Michelle Obama to promote absentee voting
Former first lady Michelle Obama and her voting-rights organization When We All Vote will back legislation to expand vote-by-mail options amid the coronavirus pandemic, the group said, marking the first time it has endorsed federal legislation.
“There is nothing partisan about striving to live up to the promise of our country; making the democracy we all cherish more accessible; and protecting our neighbors, friends and loved ones as they participate in this cornerstone of American life,” Obama said in a statement.
The legislation in question has been introduced by Reps. Earl Blumenauer (D-Ore.), Suzan DelBene (D-Wash.) and Jamie Raskin (D-Md.) in the House, and Sens. Amy Klobuchar (D-Minn.) and Ron Wyden (D-Ore.) in the Senate. It would allow all registered voters to vote absentee, currently a universal option in 34 states and Washington, D.C., but only available in certain circumstances in the other 16 states.
Voting rights advocates have called for expanded vote-by-mail options amid social distancing efforts, while President Trump has claimed that voting by mail allows for voter fraud despite casting his own ballot by mail in Florida’s primary earlier this year.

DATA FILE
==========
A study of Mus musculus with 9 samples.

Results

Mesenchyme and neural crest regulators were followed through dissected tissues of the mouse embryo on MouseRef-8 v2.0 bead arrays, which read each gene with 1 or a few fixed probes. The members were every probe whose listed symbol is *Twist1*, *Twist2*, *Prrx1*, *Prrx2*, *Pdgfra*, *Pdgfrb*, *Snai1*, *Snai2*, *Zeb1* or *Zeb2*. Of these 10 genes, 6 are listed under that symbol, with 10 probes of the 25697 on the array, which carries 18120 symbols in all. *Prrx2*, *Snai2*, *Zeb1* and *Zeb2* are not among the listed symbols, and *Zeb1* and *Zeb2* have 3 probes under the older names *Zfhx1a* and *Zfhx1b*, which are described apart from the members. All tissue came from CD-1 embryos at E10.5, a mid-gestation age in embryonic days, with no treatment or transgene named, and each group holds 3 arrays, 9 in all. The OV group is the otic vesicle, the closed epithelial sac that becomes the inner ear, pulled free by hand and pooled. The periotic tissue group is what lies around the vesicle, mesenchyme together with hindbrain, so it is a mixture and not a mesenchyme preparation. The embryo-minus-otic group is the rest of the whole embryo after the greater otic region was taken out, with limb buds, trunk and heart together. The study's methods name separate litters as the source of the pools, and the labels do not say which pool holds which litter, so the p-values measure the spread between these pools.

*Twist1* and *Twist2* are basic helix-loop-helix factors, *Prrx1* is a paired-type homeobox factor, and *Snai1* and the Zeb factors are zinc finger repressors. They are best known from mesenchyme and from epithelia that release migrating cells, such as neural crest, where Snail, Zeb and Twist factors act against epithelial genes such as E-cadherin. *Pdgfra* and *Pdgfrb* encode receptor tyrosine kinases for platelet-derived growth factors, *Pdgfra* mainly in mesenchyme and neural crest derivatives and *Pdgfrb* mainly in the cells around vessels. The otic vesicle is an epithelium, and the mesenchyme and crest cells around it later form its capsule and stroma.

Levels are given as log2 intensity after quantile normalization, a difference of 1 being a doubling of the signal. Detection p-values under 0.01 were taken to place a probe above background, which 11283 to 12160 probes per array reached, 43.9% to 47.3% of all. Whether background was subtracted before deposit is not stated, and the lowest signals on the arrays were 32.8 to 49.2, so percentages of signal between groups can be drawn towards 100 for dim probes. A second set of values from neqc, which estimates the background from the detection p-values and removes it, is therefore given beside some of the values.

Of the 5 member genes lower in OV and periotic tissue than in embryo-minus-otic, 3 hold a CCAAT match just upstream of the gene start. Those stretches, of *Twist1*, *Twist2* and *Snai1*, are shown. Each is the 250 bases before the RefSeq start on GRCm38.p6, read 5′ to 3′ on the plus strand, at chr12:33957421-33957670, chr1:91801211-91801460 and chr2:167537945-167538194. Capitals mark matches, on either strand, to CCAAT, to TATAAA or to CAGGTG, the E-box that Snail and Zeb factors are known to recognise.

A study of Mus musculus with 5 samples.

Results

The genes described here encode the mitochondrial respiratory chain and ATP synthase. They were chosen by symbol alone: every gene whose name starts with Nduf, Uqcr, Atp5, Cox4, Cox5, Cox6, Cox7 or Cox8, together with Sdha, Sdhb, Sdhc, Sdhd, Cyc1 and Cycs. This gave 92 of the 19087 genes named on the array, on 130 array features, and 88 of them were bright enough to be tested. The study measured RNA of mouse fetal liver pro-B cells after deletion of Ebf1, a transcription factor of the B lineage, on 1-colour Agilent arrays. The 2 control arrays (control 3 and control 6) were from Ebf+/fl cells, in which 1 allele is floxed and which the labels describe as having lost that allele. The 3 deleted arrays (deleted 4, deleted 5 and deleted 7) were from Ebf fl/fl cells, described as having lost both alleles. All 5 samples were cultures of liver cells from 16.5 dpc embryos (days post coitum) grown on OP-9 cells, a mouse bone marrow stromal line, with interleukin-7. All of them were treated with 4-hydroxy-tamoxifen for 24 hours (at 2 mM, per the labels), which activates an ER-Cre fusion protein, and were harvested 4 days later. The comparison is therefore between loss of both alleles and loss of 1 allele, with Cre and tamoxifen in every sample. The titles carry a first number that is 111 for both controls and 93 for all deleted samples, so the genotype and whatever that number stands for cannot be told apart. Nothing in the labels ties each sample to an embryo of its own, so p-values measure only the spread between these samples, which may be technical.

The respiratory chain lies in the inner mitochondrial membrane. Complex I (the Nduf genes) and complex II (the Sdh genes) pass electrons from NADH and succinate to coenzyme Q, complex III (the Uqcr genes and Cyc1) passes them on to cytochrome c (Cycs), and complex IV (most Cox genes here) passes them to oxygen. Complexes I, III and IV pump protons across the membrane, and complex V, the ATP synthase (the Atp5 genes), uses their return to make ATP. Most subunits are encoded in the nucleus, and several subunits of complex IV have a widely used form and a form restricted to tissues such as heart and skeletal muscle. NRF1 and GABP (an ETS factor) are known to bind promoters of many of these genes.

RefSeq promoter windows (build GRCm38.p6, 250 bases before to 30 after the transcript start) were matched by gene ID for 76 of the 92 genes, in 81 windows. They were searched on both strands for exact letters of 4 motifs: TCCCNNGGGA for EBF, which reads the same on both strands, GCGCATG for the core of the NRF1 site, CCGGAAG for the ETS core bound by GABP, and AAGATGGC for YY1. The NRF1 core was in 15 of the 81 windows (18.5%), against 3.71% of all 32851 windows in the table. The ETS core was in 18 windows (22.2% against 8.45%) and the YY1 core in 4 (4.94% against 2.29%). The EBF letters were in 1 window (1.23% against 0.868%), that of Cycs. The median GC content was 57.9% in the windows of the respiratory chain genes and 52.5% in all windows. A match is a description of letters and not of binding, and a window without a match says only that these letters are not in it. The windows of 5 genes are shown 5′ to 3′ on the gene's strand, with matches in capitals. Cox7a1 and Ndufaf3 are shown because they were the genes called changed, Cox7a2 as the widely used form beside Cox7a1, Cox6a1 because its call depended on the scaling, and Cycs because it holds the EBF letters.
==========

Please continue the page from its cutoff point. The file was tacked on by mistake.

Despite an attempt by Wisconsin Gov. Tony Evers (D) to delay the state’s primary earlier this month due to the pandemic, it proceeded as scheduled, resulting in long lines that raised eyebrows among both voting-rights advocates and public health experts.
“It was just deeply, profoundly concerning,” Valerie Jarrett, the longtime adviser to the Obamas who chairs When We All Vote, told Axios, which first reported the push. “Our goal is to just try to make sure we maximize the number of citizens who can participate in that most fundamental and important responsibility.”
The Obamas have stayed on the sidelines and declined to make a public endorsement in the protracted Democratic primaries but are likely to stump for presumptive nominee and former Vice President Joe Biden now that he is the only candidate remaining among the once-crowded Democratic field.
— This report was updated at 9:20 a.m.